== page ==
IMF Says China World's Largest Economy, Sort Of

The International Monetary Fund officially announced that China just surpassed the United States as the world’s largest economy, sort of. China’s victory is only on a “Purchasing Power Parity” (PPP) basis. Although Gross Domestic Product is about 50% higher in the U.S., IMF says the total output of goods and services in China are estimated to now be slightly higher than in the U.S.

Many economists complain that relying on currency exchange rates to calculate Gross Domestic Product (GDP) as the value of all goods and services is misleading in comparing real standards of living in different countries. Goods and services that are not traded across borders, such as medical services, retail, and constructions services, and haircuts–are almost always cheaper in poorer countries because of cheap labor. Using exchange rate driven GDP’s to compare living standards may understate the benefits that citizens in poor nations enjoy from access to cheaper goods and services.

Purchasing Power Parity “conversion factor” is the number of units of a country’s currency required to buy the same amount of goods and services in the domestic market as a U.S. dollar would buy in the United States. The IMF’s purchasing power parity estimates–which take into account these differing costs–are considered an alternative by some analysts as a revealing way of computing and comparing standards of living and economic size across boundaries different nations.

According to the World Bank’s “Price level ratio of PPP conversion factor (GDP) to market exchange rate”, China’s PPP factor is weighted at about “0.6”. 

To compare the PPP of China versus the PPP of the United States, the IMF essentially converted the latest annualized GDP estimate in U.S. dollars for China’s third quarter ending September 30. Multiplying the $10.6 trillion estimate by 1.6667 (conversion factor reciprocal) equals Purchasing Power Parity for China of $17.6 trillion.

The United States PPP conversion factor is “1.0,” since the U.S. GDP is already calculated in U.S. dollars. The latest annualized GDP estimate in U.S. dollars for United States for the third quarter ending September 30 is $17.4 trillion.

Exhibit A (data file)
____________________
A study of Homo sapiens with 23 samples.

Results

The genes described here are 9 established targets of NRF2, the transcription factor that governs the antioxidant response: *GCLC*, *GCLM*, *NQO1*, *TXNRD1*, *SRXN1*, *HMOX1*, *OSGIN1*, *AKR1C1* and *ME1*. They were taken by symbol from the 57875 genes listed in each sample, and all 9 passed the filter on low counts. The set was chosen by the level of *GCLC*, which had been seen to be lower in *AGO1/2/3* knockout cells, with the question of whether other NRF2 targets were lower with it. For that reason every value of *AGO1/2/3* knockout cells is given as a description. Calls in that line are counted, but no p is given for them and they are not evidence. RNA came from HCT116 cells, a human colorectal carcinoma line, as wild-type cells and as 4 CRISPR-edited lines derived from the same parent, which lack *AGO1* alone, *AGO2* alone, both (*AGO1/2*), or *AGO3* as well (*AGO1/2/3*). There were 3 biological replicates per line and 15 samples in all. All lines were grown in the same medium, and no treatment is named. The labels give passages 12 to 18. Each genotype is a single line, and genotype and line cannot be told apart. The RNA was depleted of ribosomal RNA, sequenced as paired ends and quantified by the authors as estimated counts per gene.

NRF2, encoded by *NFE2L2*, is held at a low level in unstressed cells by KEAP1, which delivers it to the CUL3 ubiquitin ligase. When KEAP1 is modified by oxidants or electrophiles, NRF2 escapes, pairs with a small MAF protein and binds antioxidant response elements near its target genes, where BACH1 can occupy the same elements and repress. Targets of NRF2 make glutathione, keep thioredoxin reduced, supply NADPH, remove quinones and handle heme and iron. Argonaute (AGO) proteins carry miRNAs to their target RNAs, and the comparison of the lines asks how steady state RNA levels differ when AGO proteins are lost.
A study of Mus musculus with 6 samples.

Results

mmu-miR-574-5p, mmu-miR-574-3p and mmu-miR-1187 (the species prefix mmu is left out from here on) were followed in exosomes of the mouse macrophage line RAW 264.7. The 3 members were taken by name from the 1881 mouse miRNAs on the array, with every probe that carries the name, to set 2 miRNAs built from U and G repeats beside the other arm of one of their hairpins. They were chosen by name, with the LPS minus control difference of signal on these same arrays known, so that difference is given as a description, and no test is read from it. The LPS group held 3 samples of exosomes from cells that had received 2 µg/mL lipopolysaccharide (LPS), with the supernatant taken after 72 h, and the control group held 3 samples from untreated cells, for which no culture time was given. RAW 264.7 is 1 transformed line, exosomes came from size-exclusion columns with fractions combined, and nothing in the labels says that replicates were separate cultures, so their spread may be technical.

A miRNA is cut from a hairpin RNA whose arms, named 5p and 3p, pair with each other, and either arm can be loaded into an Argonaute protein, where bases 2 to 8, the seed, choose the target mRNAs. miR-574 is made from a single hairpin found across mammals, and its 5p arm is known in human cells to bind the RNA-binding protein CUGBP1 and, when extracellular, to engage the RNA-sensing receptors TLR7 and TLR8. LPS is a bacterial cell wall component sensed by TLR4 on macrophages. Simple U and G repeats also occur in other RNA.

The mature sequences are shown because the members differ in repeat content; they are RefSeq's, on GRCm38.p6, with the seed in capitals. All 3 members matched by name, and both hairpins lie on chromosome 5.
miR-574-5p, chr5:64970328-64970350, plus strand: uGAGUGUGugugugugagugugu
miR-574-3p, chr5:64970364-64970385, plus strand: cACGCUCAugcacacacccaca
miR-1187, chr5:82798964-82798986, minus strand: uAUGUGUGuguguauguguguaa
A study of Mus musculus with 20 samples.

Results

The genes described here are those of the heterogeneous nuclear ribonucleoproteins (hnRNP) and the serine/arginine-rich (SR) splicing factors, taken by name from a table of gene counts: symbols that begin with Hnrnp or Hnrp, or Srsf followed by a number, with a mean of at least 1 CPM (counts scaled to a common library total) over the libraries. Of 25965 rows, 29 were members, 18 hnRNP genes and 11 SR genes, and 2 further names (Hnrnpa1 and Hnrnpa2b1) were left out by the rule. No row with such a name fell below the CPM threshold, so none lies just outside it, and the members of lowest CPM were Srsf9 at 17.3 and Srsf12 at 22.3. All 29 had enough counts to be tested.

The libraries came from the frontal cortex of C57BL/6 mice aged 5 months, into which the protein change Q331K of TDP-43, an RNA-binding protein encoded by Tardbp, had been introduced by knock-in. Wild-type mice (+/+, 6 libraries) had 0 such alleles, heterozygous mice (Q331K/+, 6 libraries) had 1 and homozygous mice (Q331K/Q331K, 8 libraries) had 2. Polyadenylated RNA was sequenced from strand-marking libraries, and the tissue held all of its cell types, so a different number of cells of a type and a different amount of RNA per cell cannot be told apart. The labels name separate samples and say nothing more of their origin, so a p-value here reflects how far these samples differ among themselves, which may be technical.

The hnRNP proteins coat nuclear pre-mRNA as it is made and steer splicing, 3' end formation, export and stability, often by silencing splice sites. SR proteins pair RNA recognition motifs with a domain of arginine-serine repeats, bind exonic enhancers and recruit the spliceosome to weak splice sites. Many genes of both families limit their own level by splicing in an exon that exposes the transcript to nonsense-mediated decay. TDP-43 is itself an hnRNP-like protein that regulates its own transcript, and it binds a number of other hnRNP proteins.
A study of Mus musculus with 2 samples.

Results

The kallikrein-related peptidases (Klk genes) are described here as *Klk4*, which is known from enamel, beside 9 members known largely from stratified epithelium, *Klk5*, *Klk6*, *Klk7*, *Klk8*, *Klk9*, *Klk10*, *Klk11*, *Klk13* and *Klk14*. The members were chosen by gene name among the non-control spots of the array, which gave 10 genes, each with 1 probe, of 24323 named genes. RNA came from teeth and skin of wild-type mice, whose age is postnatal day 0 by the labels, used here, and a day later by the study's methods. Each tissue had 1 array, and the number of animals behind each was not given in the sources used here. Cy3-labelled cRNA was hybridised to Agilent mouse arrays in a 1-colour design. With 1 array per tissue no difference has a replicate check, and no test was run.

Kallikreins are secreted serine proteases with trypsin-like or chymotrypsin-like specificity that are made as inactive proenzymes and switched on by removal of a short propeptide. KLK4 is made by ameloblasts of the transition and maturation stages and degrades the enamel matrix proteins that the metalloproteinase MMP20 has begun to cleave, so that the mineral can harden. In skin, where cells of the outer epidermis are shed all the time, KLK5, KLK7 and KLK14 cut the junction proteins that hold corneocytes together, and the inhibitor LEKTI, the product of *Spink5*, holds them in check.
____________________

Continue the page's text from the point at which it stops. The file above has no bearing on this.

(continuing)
The “conversion factor” for China is an arbitrary number that is set as an estimate of equivalent purchasing power in different nations. China has enjoyed higher GDP growth rates than the United States, but about a third of the difference has been higher inflation. This should tend to narrow the difference in the PPP conversion factor.

If the IMF narrowed the Chinese conversion factor to “0.7”, then the multiplier to convert GDP to PPP would be only 1.4286. Multiplying the latest $10.6 trillion annualized GDP for China by the 1.4286 (conversion factor reciprocal) equals Purchasing Power Parity for China of $15.1 trillion.

For about 2000 years until approximately 1750 AD, China had the largest population and the largest GDP in the world. China kept the banner as the most populous country, but lost in GDP to Britain, who lost it to the United States in 1872. On an individual basis, China is still a poor country with average per capita income of $6,807, versus $53,143 in the U.S. Even the most optimistic analysts do not believe China will pass the U.S. in GDP for almost a decade. 

Many Americans could improve their retirement purchasing power by moving to China. Medical services, retail and constructions services, and haircuts are undoubtedly cheaper. But the numerous quality, safety, and security differences may not be reflected in International Monetary Fund’s estimates Purchasing Power Parity.